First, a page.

Any famous house or building on planet Earth attracts lots of tourists who stand outside of them and take a picture they can easily find on Google. Taj Mahal? Yes. Eiffel Tower? Yup. Tiananmen Square? Yeppers. The White House? Correct. The Full House house? Indeed.
Well, now the creator of the hit television show Full House can worry about that last one.
The creator of Full House, Jeff Franklin, recently purchased the home in San Francisco for around $4 million, according to The Hollywood Reporter. Before buying it, the house sat empty as a backdrop for millions of pictures. Now, Franklin wants to use it for filming and rental space.
The house is part of the “Painted Ladies” in the Lower Pacific Heights neighborhood of San Francisco. It went on the market in May with a price tag of $4.15 million before Franklin bought the house in the fall for around $4 million.
“The house came on the market and really, I just thought, I have to buy this house,” Franklin told The Hollywood Reporter Wednesday afternoon. “I’m so sentimental about the house. It’s great to have the house in our Full Housefamily and be able to preserve it for the fans. … Seriously, I love owning this house.”
More than a century after it was built by Charles Lewis Hinkel, Franklin picked it specifically as the setting for the Tanner’s house in the show. Well the outside of the house, that is; the inside scenes were filmed elsewhere.
The house itself is 2,500 sq. ft. and features four bedrooms and four bathrooms. The entire “Painted Ladies” group of homes is known for their Italianate Victorian architecture that can be found all over San Francisco.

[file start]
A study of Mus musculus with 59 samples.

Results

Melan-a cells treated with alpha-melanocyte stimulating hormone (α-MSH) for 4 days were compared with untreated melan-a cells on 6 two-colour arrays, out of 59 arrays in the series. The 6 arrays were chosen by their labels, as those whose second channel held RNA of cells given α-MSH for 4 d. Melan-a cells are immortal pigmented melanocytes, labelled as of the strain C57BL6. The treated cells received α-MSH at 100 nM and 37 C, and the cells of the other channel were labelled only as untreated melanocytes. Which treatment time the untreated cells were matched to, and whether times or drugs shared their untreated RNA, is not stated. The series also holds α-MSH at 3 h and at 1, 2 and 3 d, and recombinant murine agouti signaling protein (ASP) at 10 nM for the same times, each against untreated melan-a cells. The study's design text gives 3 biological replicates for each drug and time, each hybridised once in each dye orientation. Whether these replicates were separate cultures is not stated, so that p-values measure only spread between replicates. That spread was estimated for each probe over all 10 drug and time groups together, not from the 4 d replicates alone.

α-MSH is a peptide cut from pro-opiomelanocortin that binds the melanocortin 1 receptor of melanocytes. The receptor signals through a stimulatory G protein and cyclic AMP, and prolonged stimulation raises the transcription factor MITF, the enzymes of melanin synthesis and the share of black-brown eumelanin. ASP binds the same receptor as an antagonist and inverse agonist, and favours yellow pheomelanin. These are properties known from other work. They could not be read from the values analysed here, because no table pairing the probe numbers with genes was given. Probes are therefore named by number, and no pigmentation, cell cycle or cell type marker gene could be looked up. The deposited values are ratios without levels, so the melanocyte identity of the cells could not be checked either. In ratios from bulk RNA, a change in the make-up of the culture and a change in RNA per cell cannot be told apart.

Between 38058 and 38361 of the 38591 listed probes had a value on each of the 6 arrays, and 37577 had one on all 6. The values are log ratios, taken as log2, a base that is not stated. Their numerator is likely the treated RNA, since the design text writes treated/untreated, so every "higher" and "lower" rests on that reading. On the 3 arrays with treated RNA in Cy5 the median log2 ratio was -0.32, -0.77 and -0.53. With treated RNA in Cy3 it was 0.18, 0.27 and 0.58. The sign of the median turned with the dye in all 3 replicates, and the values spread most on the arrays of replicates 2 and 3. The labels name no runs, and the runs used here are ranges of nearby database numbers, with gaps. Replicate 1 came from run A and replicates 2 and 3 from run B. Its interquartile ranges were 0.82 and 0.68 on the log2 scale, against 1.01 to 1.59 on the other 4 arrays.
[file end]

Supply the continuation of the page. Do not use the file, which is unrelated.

One small change that will be made to the outside of the house Franklin is planning is painting the front door red to match the show. Smaller outside changes could be made as well such as landscaping and window changes. While the outside of the house will the same for the most part, Franklin reportedly is going to redo the inside so that it looks like it does in the show.
The changes could take a little less than a year, Franklin hopes, which would put them on track to be completed around September 22nd, 2017, the 30th anniversary of Full House‘s debut on September 22nd, 1987.
“That will be around the time that all of my construction will be done, so I hope to bring the cast up to the house and have a big slumber party here so people can drive by and actually see the Tanner family living there for one whole day,” he explained. “That would be pretty fun.”